The G300 has a symmetrical design that's suitable for both left- and right-handed users. While symmetrical mice are usually pretty plain affairs—like the excellent SteelSeries Xai—the G300 has uses detail like borders and indentations to liven things up a bit. It also has nine programmable buttons and an LED sensor.
While all of that sounds relatively promising, we won't bother wasting any more of your time talking about this mouse. In a nutshell, we don't recommend it. Here's why:
- It isn't a comfortable shape.
- Buttons that would usually fall under the thumb have been moved onto the top of the mouse and are less easy to access.
- The mouse is too light for our linking.
- Most of all, the LED sensor can't track fast enough movements to be of interest to gamers. It struggles to keep up as soon as you start moving the mouse at 1.5 metres per second, and cuts out completely if you go above 2 metres per second. A minimum tracking speed of 3 metres per second is required to meet the needs of serious gamers. Using a 'pro gamer' mouse mat like the Tt Esport Dasher didn't improve things either.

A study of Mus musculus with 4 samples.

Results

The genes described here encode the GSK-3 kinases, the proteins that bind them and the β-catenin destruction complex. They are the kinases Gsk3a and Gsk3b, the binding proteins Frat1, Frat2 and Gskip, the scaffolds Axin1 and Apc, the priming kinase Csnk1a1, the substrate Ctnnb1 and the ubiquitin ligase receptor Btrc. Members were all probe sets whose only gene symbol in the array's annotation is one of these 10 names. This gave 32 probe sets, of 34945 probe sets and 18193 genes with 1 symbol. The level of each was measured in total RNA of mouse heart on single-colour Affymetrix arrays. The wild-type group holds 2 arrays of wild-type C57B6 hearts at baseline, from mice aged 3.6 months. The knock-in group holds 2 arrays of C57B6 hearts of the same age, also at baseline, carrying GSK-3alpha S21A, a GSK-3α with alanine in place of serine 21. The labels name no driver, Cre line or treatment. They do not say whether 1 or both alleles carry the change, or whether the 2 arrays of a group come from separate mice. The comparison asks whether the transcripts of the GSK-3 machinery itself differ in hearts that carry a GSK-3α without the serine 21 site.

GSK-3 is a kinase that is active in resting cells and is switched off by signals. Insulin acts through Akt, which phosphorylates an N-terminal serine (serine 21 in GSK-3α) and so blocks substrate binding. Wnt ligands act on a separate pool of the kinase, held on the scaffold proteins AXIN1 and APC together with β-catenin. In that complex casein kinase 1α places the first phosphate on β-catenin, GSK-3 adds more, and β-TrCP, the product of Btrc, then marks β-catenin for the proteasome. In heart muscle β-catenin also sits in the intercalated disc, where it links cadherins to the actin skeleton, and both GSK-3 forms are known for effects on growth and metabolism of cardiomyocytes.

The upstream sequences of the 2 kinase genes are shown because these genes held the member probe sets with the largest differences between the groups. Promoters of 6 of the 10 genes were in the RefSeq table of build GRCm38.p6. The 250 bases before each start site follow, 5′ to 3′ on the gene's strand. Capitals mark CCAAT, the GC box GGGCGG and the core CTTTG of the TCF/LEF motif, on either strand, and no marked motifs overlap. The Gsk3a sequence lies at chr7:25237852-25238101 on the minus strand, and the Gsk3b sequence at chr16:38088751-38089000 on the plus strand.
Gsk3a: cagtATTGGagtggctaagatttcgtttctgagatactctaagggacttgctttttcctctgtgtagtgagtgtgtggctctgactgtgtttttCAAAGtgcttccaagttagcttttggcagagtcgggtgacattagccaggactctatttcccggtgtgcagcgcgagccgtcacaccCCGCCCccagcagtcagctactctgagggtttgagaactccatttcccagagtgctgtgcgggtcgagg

In spite of all that, CPU use is kept in check nicely in this mouse. While the tech specs promise 1000 Hz, the actual frequency changes, often varying between 500 and 1000 Hz in relation to the mouse's movements. The average reporting frequency works out at around 800 Hz.
- Frequency: 1000 Hz
- Low price for a gaming mouse
- For left- and right-handed users
- We didn't like the mouse's design or shape
- LED sensor isn't good enough for gamers as it can't track fast movements
- Very light
- Not as good as the G500, which isn't much more expensive
On paper, the Logitech G300 looks great. In practice, it's a pretty bog-standard mouse or a pretty poor gaming mouse, depending on how you look at it. We'd have loved to tell you this button-packed mouse was a real bargain but, unfortunately, that's not the case.